IEA says global EV demand ‘motoring along’ as sales tipped to be one-in-five in 2024

IEA says global EV demand ‘motoring along’ as sales tipped to be one-in-five in 2024
  • PublishedApril 24, 2024

Sales of electric vehicles are motoring along according to a report from the world’s leading energy authority that predicts one in five cars sold this year could be electric.

In a report that brushes aside claims of a slowdown in the industry, the International Energy Agency forecast that EV sales would surge in 2024 on the back of falling prices.

The IEA, a club of rich-country energy users, noted that EV sales were already up 25 per cent so far this year compared with the same period in 2023.

And it estimated that sales would reach about 17 million by the end of the year compared with 14 million for the 12 months to the end of December.

But the IEA also noted that China continued to dominate the EV market, both in terms of exports and domestic sales.

EV charging sign
The IEA says charging infrastructure is urgently needed to ensure EV uptake isn’t held back.

Of all the electric cars forecast to be sold in 2024, the agency said about 10 million would be in China – giving the industry a 45 per cent share of the market in the Middle Kingdom.

By comparison, the IEA said the share of new car sales that were forecast to be electric in Europe and the US was 25 per cent and 11 per cent, respectively.

No projections were available for Australia, but figures from the Federal Chamber of Automotive Industries showed 7.2 per cent of new vehicles delivered to buyers in 2023 were electric.

This compared with 3.1 per cent in 2022.

Pump the brakes or hit the pedal?

Fatih Birol, the executive director of the IEA, said the report’s findings ran counter to the perception that EV sales were slowing down as consumers stuck with petrol-powered options.

Automakers including industry leader Tesla and giant incumbents Ford and General Motors have all pumped the brakes on expanding EV production amid slower than expected rates of demand growth.

But Dr Birol said the world’s fleet of EVs was growing strongly and the projections, at least from the IEA’s point of view, were clear.

“The continued momentum behind electric cars is clear in our data, although it is stronger in some markets than others,” Dr Birol said.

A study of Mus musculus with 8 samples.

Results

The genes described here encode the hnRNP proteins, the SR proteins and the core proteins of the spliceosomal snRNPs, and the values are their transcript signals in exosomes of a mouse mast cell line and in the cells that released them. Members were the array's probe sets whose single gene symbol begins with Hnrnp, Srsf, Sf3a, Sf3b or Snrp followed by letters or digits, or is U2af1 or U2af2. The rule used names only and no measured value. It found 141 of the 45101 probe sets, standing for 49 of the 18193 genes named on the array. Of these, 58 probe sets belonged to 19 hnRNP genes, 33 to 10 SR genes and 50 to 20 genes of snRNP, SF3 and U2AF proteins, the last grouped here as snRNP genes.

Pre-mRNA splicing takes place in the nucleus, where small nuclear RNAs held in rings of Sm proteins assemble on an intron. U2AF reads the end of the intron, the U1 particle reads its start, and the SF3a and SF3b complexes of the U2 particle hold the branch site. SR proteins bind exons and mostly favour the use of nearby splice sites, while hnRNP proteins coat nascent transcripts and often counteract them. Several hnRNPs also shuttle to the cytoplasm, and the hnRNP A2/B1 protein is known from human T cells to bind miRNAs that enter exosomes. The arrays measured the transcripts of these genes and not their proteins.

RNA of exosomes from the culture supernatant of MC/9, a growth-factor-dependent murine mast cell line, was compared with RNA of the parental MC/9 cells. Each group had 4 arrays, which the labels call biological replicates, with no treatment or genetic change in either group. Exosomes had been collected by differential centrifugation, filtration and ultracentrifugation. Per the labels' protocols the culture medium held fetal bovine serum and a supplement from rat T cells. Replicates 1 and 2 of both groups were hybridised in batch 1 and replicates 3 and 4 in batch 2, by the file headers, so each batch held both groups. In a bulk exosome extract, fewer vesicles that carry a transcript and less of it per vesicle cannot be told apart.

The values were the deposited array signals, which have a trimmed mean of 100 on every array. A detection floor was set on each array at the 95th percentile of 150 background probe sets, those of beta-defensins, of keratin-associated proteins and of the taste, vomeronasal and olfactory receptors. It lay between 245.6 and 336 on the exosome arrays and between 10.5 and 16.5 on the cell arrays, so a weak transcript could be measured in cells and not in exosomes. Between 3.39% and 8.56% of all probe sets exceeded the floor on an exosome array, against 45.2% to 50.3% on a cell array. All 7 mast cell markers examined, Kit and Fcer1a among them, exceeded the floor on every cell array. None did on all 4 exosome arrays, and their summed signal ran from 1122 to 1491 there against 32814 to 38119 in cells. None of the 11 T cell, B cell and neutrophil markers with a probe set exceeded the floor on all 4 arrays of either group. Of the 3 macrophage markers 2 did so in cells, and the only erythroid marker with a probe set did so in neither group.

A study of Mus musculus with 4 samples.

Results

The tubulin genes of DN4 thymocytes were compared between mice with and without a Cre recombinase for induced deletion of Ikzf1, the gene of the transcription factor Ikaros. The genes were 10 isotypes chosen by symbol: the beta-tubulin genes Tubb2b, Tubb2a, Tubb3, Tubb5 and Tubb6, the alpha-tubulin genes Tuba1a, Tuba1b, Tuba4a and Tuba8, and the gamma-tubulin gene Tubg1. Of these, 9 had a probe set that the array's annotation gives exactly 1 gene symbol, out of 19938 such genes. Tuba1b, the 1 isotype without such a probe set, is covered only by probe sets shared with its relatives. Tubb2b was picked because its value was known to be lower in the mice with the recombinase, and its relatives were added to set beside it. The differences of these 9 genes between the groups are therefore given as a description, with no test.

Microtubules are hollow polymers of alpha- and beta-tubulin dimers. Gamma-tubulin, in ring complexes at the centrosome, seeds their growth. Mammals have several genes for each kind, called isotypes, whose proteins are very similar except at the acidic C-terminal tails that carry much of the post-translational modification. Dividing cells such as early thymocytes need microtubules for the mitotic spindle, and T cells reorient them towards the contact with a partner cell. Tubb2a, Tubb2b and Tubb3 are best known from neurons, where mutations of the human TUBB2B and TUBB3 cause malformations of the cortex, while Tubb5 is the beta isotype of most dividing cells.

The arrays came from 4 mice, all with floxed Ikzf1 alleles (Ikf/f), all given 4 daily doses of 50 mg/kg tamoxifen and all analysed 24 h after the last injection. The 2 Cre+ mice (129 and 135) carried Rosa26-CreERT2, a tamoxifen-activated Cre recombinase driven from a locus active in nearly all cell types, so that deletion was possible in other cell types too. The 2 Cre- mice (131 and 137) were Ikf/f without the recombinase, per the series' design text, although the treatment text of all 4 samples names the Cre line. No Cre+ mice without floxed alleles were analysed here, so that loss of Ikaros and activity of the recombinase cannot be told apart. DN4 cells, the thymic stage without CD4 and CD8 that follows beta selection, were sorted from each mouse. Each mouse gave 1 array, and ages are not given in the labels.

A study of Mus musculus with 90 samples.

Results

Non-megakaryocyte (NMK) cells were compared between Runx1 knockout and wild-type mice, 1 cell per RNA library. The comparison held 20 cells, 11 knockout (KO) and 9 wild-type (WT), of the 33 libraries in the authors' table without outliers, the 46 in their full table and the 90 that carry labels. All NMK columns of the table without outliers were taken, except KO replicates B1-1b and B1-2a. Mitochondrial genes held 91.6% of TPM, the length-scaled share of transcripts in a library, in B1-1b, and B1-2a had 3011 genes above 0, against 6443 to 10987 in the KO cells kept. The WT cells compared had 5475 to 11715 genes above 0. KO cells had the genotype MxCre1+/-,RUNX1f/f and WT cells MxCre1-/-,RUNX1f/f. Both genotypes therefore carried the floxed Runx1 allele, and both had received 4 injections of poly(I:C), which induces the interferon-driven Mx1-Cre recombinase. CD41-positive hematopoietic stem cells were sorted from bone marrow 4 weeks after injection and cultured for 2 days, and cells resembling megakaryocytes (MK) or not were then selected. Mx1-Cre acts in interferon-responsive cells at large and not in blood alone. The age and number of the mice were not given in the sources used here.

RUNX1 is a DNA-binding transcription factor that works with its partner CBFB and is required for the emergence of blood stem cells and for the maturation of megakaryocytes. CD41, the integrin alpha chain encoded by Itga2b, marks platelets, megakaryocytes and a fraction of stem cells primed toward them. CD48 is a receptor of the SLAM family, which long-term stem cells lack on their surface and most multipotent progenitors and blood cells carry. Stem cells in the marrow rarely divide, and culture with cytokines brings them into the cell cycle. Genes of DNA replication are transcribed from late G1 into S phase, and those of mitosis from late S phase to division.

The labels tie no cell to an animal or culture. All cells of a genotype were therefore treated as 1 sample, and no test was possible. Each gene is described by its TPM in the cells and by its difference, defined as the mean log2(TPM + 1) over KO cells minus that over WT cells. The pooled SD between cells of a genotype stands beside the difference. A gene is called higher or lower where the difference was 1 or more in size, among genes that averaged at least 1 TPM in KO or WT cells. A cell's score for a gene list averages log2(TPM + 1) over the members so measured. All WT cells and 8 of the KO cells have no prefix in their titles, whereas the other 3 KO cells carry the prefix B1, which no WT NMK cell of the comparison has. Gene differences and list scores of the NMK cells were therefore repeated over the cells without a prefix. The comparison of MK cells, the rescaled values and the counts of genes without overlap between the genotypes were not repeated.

“Rather than tapering off, the global EV revolution appears to be gearing up for a new phase of growth.”

Josh Frydenberg gestures with Executive Director of the IEA Dr Faith Birol outside Parliament House, Canberra.
IEA boss Fatih Birol, right, with then federal treasurer in 2016.(AAP: Lukas Coch)

According to the IEA, the growth in EV sales needed to be seen against the backdrop of a bigger electric fleet in the first place.

It said global sales of electric vehicles amounted to 18 per cent of all cars sold in 2023, up from 14 per cent in 2022 and seemingly on a one-way path.

This, the IEA wrote, suggested that demand for EVs was shifting from early adopters to the mass market, which it argued was a major turning point for the industry.

Driving that shift was falling prices that were being pushed lower by intense competition among car makers across the United States, Europe and, increasingly, China.

The agency said the flurry of activity from automakers – 20 major manufacturers representing more than 90 per cent of global car sales in 2023 have set electrification targets – would have lagged effects.

Decarbonising transport vital: IEA

Among these was a big expansion in the supply chains needed to produce batteries – from mining to mineral processing and high-end manufacturing.

“The wave of investment in battery manufacturing suggests the EV supply chain is advancing to meet automakers’ ambitious plans for expansion,” Dr Birol said.

“As a result, the share of EVs on the roads is expected to continue to climb rapidly.

“Based on today’s policy settings alone, almost one in three cars on the roads in China by 2030 is set to be electric, and almost one in five in both the United States and European Union.

“This shift will have major ramifications for both the auto industry and the energy sector.”

EV minerals - Murrin Murrin
Australian mining is uniquely well-placed to capitalise on the EV revolution.(Supplied: Glencore)

Dr Birol noted there were concerns about the state of the EV market given the eroding profits of car makers, the volatility of battery metal prices, high inflation and the phasing out of subsidies in some countries.

Tesla, for example, was bracing for its worst result in seven years thanks to a brutal price war and falling sales in some markets.

But Dr Birol argued the broader industry was more resilient than some people recognised.

What’s more, he said it was imperative the electrification of the transport fleet carry on at pace given the industry’s emissions.

The transport sector as a whole is responsible for about a quarter of the world’s annual emissions and the IEA said cleaning it up was a pressing task.

It said current policy settings around the world – and the uptake of electric cars, vans, trucks, buses and two- and three-wheelers they would enable – “is projected to avoid the need for more than 10 million barrels of oil per day in 2035”.

“That’s equivalent to all the oil demand from road transport in the United States today,” the agency wrote.